Baghdad, Benghazi, or any other Middle Eastern city where the United States has a U.S. embassy, should be considered by those working there, as nothing more than death traps. Apparently the current cadre of terrorists in Washington, D.C. learned very little from the events of Benghazi. With Iraq in utter ruins, the U.S. embassy in Baghdad remains staffed, apparently waiting for more Americans to be slaughtered unnecessarily.
Of course this time around the Obama administration doesn’t want to wipe as much egg off its face after the fact, so they have elected to beef up security around the U.S. embassy complex, rather than pull our resources and assets out and ensure their safety without worry. Making matters quite a bit more curious, the Obama administration is also considering enlisting the help of what has always been a staunch American ally, in the form of Iran. (That’s a little sarcasm for those who may have missed their daily dose).
“One by one, Iraqi cities seem to be falling to a militant group bent on continuing its march forward.
What’s happening in Iraq now has all the makings of a civil war — and a full-blown foreign policy crisis. The United States is mulling direct talks with Iran while it boosts security at the U.S. Embassy in Baghdad with military personnel.
Why Iran? In recent days, Iran has sent hundreds of troops to fight alongside Iraqi government security forces in Diyala province, a senior security official in Baghdad told CNN.
Clearly, the crisis in Iraq is spilling far beyond its borders. Here’s the latest:
After days of violent advances by the militant group ISIS, the Iraqi air force killed more than 200 militants from the Islamic State in Iraq and Syria, Iraqi state TV reported Monday.
The air raids against ISIS took place in Saqlawiya, northwest of Falluja, according to state TV.
ISIS has been fighting to take control of Iraq, seizing cities across the country.
In recent days, Iran has sent about 500 of its Revolutionary Guard troops to fight alongside Iraqi government security forces in Iraq’s Diyala province, according to a senior security official in Baghdad who spoke to CNN on Friday.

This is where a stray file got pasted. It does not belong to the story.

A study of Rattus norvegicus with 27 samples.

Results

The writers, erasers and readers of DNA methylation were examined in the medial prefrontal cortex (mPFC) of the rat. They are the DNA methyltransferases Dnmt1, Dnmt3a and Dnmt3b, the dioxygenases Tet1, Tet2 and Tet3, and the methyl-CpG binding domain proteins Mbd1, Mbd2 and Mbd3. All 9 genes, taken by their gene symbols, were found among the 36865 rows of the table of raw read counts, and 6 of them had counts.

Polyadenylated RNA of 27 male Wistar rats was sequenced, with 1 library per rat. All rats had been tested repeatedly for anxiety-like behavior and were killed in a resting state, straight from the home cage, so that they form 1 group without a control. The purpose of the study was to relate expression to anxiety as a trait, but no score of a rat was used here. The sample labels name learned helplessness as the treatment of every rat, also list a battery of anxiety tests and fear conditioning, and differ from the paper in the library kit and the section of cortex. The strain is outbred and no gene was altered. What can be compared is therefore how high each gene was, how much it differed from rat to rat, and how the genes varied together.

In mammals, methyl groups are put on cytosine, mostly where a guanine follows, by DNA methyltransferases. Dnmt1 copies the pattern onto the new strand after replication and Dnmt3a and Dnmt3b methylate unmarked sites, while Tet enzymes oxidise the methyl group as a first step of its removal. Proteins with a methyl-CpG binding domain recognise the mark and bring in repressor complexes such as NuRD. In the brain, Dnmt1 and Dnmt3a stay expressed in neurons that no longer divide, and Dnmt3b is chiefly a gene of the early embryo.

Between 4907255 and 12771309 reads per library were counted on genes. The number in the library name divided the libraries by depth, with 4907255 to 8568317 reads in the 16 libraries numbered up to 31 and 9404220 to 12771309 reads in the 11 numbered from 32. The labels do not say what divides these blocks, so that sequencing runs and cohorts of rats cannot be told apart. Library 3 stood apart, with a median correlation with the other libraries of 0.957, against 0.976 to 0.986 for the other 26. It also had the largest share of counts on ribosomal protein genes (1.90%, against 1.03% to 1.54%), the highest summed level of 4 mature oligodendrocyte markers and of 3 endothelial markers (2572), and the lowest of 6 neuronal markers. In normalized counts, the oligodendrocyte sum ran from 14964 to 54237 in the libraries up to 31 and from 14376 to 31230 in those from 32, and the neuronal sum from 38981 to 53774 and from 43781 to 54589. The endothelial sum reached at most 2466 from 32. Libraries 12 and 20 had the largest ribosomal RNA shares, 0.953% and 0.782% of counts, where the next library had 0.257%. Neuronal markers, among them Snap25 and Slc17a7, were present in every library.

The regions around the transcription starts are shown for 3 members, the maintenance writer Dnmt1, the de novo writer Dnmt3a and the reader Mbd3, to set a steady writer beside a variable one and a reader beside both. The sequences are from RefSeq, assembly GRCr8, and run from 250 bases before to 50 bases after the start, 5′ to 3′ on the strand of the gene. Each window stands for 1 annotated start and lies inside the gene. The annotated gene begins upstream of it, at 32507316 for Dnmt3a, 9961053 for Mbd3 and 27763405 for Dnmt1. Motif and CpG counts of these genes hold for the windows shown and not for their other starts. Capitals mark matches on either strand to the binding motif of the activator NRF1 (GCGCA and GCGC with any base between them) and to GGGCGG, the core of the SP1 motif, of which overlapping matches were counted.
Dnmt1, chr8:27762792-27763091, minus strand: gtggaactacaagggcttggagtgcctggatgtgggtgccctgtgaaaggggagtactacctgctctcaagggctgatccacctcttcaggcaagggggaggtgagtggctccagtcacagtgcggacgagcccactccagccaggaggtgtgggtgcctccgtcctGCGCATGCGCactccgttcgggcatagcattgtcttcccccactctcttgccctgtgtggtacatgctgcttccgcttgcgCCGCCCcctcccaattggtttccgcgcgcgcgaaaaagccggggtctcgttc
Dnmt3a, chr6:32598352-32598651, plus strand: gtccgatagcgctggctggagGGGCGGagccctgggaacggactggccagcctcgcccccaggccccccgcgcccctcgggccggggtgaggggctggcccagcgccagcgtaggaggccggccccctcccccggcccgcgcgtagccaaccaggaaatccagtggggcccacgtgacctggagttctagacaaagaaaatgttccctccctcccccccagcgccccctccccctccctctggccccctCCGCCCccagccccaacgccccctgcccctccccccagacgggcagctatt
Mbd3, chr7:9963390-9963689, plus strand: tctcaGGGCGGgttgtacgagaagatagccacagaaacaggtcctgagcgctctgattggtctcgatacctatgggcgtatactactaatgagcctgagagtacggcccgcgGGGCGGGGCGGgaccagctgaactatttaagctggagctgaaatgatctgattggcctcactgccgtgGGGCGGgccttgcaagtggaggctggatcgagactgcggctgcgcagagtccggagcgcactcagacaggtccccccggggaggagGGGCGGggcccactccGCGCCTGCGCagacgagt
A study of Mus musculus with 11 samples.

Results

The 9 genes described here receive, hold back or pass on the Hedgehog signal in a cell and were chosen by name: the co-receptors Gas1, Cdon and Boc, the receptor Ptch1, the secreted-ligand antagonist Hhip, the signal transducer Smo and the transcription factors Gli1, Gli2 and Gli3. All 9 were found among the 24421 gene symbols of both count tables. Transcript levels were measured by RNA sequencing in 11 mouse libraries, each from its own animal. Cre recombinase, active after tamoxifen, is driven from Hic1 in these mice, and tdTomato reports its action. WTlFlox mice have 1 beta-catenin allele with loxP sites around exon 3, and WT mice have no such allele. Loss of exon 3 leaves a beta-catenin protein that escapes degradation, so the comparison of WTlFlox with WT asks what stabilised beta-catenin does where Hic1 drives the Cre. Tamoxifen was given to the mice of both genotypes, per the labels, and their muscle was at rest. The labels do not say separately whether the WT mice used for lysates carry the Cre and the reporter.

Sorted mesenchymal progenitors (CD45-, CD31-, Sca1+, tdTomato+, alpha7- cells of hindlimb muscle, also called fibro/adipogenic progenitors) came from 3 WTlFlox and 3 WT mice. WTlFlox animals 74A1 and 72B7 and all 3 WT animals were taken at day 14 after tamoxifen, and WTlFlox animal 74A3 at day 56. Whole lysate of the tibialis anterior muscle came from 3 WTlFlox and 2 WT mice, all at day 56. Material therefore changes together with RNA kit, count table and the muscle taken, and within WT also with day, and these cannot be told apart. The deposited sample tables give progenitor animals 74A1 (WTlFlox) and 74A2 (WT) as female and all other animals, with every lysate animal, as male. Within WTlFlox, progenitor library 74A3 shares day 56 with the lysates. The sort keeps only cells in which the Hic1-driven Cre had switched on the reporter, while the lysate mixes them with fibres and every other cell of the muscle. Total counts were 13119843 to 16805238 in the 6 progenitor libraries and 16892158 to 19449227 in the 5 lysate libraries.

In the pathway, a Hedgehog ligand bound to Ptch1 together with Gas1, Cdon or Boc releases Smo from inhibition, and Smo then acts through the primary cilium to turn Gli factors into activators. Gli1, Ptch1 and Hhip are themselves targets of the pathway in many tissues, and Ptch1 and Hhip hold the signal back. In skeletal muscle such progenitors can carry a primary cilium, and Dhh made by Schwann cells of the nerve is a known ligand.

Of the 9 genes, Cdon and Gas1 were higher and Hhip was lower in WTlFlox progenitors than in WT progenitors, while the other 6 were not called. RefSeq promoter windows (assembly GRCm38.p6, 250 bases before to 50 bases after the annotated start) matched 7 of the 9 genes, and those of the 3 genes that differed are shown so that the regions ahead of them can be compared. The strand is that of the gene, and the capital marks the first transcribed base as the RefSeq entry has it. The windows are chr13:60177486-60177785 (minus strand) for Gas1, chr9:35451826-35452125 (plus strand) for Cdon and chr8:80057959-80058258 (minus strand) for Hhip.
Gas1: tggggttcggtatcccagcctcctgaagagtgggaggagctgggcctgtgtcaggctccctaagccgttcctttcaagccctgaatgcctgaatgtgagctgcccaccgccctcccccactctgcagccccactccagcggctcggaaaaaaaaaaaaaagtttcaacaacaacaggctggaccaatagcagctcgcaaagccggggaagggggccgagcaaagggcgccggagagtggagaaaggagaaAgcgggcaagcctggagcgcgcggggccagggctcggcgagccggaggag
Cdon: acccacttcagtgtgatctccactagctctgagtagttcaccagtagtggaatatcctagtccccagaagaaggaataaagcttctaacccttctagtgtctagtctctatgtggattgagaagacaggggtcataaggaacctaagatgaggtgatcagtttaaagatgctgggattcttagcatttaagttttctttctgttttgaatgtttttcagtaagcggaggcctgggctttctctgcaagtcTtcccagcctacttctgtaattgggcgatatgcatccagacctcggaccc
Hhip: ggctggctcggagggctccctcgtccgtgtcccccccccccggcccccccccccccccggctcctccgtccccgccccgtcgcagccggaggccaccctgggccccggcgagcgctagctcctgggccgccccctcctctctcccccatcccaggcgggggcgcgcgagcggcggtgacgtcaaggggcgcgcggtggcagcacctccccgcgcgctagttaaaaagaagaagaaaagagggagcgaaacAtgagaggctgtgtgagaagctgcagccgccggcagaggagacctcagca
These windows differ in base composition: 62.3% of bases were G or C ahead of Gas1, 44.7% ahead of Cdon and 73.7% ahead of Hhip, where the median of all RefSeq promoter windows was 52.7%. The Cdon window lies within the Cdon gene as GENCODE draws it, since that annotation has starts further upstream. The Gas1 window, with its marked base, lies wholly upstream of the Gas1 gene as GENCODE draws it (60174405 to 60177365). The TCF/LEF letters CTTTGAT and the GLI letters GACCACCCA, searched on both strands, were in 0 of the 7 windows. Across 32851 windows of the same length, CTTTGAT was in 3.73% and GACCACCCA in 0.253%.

But Iranian President Hassan Rouhani denied reports that some of Iran’s elite forces are in Iraq to help bolster Iraqi Prime Minister Nuri al-Maliki, a fellow Shiite.
“If the Iraqi government wants us to help, we will consider it,” Rouhani said, according to an English translation of his remarks Saturday on state-run Press TV.
But “so far they have not asked specifically for help.” Rouhani added that Iran could give strategic guidance, if it’s requested.
The Obama administration is exploring possible direct talks with Iran over the deteriorating situation in Iraq, two senior U.S. officials told CNN.
Both officials ruled out any type of teaming up with Iran because the United States and Iran don’t have a lot of common interests — other than a stable Iraq.
The United States is wary of furthering Iran’s already considerable influence in Iraq. The Shiite Iranian regime is al-Malaki’s closest ally in the region. And the Obama administration is concerned that appearing to team up with Iran would both alienate Iraq’s Sunni minority and worry Sunni allies of the United States in the region.
ISIS apparently posted chilling photos on jihadi Internet forums that appear to show the executions of Iraqi security forces.
CNN cannot independently confirm the authenticity of the images purportedly posted by ISIS. Terrain, building signs and the uniforms of the apparent victims in the images reviewed by CNN suggest the photos are legitimate.
A caption on some of the images reads: “apostates heading to their hole of doom.”
On Friday, a tweet on what was claimed to be an ISIS Twitter account claimed that its members killed at least 1,700 Shiites. CNN was unable to verify the authenticity of the account, which was apparently taken down Sunday.
ISIS, an al Qaeda splinter group, wants to establish a caliphate, or Islamic state, that would stretch from Iraq into northern Syria. The group has had substantial success in Syria battling President Bashar al-Assad’s security forces.
An amphibious assault vehicle with 550 Marines aboard was expected to enter the Persian Gulf on Monday, a U.S. defense official told CNN. The Marines and their V-22 tilt-rotor aircraft could help evacuate Americans from Iraq if necessary, the official said.
Between 50 and 100 U.S. Marines and U.S. Army personnel have already arrived at the U.S. Embassy in Baghdad, a U.S. official told CNN on Sunday.
In addition to adding security personnel, some embassy staffers were being moved to consular offices in Basra and Irbil or sent to Jordan, State Department spokeswoman Jen Psaki said Sunday. Most will remain in Baghdad, however, she said.
The State Department is warning U.S. citizens against “all but essential travel to Iraq.” The official travel warning says U.S. citizens in Iraq “remain at high risk for kidnapping and terrorist violence.” (Emphasis added, recall if you will the prisoner/terrorist swap carried out by Obama, which enlightened all other terror cells of the rewards they could receive for kidnapping Americans).
The United States invaded Iraq in 2003. American military forces ended their withdrawal from the country in December 2011.
At the time of the U.S. drawdown, Iraq’s leadership had agreed that a residual U.S. military presence was desirable, but the talks broke down over the prickly issue of legal immunity for U.S. troops in Iraq.”